Liquid Mercury CEO Tony Saliba shares insights on Central Bank Digital Currencies (CBDCs) and the future of money.
Read the full Op-Ed on E-Crypto News
Central Bank Digital Currencies (CBDCs) are no longer a topic of speculation. The looming reality is that the financial world must prepare for their implementation. Central banks and governments are taking note of the growth and impact of crypto and are exploring ways to harness their benefits while aligning with their interests.
This trend of CBDCs is taking center stage in the world of finance and everyone must be prepared for their arrival, as it looks like they are the future of money.
CBDCs offer many advantages, including increased speed, reduced costs, and greater access to the financial system. However, there are also some potential risks associated with CBDCs, including privacy concerns, inflationary issues, and the potential disintermediation of commercial banks.
CBDCs have the potential to accelerate the adoption of crypto and bring it to the real Main Street mainstream. For example, if the Federal Reserve were to launch a digital US dollar that became widely used alongside cash/fiat/paper money and the current financial system, this would introduce millions of people to the concept of digital assets, wallets, and other crypto-related concepts. This could serve as a gateway to the larger crypto world and increase accessibility to it for a much larger audience.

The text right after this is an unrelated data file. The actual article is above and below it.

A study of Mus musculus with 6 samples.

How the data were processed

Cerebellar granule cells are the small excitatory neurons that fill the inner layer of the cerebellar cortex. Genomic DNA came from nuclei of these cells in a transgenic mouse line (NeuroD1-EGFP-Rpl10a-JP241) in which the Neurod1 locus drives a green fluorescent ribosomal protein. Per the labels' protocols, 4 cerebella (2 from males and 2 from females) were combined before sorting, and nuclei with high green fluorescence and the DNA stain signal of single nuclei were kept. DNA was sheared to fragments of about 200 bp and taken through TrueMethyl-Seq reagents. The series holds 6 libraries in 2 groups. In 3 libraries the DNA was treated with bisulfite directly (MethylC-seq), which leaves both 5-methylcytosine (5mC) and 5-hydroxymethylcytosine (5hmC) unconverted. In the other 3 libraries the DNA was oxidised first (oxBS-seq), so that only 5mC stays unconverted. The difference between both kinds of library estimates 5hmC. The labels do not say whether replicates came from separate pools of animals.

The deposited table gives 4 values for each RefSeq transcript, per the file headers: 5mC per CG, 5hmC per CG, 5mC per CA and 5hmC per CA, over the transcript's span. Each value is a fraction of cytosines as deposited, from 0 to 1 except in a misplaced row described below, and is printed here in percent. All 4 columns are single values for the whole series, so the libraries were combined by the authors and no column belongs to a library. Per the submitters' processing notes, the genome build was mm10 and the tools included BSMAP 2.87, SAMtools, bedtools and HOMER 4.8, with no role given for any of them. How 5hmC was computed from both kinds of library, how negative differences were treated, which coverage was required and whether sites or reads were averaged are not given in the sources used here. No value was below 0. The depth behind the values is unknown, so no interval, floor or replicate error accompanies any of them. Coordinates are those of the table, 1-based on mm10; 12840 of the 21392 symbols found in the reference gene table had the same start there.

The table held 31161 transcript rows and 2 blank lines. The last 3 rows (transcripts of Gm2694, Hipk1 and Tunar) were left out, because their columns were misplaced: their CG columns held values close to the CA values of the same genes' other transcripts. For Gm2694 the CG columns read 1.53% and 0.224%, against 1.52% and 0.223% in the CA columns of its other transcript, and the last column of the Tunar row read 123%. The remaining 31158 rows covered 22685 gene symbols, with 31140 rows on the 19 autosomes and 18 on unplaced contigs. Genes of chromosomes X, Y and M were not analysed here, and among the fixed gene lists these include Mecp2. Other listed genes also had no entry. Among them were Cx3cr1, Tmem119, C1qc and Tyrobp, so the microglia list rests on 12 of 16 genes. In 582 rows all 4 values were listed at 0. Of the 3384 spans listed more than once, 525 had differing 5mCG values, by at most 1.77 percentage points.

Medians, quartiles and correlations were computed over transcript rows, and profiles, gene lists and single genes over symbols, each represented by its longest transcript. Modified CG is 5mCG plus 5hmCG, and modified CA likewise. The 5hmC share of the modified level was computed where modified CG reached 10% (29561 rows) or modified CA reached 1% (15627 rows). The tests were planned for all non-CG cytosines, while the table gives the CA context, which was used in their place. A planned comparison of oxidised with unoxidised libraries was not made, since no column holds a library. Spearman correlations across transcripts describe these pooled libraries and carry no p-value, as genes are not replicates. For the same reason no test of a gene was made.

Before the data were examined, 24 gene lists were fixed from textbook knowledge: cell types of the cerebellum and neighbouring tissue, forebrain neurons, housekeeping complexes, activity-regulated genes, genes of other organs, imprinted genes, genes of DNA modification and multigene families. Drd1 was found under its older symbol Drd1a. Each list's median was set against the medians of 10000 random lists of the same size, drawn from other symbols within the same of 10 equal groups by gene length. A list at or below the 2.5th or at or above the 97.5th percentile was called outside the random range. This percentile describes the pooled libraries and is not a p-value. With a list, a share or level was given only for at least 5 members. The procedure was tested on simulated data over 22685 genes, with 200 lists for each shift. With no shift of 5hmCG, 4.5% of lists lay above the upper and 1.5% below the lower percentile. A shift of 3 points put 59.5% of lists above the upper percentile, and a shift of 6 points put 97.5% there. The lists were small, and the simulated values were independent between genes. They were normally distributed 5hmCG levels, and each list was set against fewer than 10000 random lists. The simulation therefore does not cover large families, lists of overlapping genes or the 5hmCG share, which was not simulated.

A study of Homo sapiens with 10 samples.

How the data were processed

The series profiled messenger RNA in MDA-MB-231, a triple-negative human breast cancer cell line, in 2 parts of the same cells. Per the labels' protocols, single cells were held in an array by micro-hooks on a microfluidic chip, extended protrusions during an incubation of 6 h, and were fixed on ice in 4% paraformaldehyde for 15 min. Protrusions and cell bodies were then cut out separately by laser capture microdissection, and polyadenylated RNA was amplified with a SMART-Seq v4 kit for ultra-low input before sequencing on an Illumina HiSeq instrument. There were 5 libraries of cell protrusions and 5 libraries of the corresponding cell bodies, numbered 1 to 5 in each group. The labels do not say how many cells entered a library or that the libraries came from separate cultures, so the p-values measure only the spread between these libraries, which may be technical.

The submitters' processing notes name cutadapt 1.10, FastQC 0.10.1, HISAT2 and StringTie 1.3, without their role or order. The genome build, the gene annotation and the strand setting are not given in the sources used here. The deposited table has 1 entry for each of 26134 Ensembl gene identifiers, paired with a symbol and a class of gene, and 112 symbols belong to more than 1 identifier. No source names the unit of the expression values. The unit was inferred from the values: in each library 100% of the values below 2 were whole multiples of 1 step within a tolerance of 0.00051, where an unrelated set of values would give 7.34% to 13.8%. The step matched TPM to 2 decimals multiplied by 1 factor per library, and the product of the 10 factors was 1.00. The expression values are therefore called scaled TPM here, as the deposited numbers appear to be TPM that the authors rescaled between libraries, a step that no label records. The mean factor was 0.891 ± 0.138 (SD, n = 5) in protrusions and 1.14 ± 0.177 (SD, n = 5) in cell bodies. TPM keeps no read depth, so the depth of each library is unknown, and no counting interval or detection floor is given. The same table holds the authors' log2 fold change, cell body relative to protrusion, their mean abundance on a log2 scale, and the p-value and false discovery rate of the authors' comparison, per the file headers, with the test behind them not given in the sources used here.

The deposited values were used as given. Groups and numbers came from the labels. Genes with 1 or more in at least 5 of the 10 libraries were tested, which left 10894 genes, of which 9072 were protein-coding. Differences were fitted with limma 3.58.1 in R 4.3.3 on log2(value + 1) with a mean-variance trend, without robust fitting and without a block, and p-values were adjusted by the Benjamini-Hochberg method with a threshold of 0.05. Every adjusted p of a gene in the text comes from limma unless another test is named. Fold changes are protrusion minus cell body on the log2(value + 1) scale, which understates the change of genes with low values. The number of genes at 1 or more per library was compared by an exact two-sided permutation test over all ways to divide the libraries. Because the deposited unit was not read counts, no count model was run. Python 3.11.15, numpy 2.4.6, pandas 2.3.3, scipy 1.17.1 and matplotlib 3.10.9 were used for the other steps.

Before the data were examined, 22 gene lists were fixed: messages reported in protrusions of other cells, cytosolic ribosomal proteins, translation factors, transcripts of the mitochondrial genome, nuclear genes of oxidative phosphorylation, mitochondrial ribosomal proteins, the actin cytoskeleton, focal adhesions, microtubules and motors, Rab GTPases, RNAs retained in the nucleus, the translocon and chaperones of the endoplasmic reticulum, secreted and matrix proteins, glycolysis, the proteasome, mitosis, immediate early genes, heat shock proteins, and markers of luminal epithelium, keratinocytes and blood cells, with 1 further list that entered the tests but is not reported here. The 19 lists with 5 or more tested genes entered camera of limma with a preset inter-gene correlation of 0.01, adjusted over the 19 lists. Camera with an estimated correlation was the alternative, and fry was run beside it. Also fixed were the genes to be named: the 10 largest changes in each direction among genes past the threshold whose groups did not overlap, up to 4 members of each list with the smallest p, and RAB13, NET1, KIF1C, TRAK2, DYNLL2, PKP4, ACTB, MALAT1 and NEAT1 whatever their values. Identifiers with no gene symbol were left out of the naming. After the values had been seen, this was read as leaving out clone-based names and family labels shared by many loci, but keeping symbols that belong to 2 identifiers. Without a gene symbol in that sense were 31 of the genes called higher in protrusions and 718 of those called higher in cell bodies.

However, CBDCs also have some potential ominous “downsides”.
One major concern is privacy. A central bank or government with direct digital insight into everyday purchases could potentially abuse such privilege to track purchasing habits, political contributions, religious affiliations, sexual preferences, and more.
In the wrong hands, this information could become a weapon for political purposes, creating a mosaic of individuals that could be shaped into a social score or used to target certain populations. Furthermore, a state-issued digital dollar is only a keystroke away from being frozen, reversed, or even confiscated, making privacy and maintaining freedoms crucial concerns.
the debate around the pros and cons of CBDCs will continue, but it is clear that the world must prepare for their inevitable arrival. The shift to CBDCs is likely driven by the belief that technology equals progress.
To avoid problems and risks, it is important to carefully consider the potential consequences and address them before they become a reality. It is the financial technology industry leaders who need to take on the responsibility to educate and raise awareness about CBDCs and their potential impact on the future of money.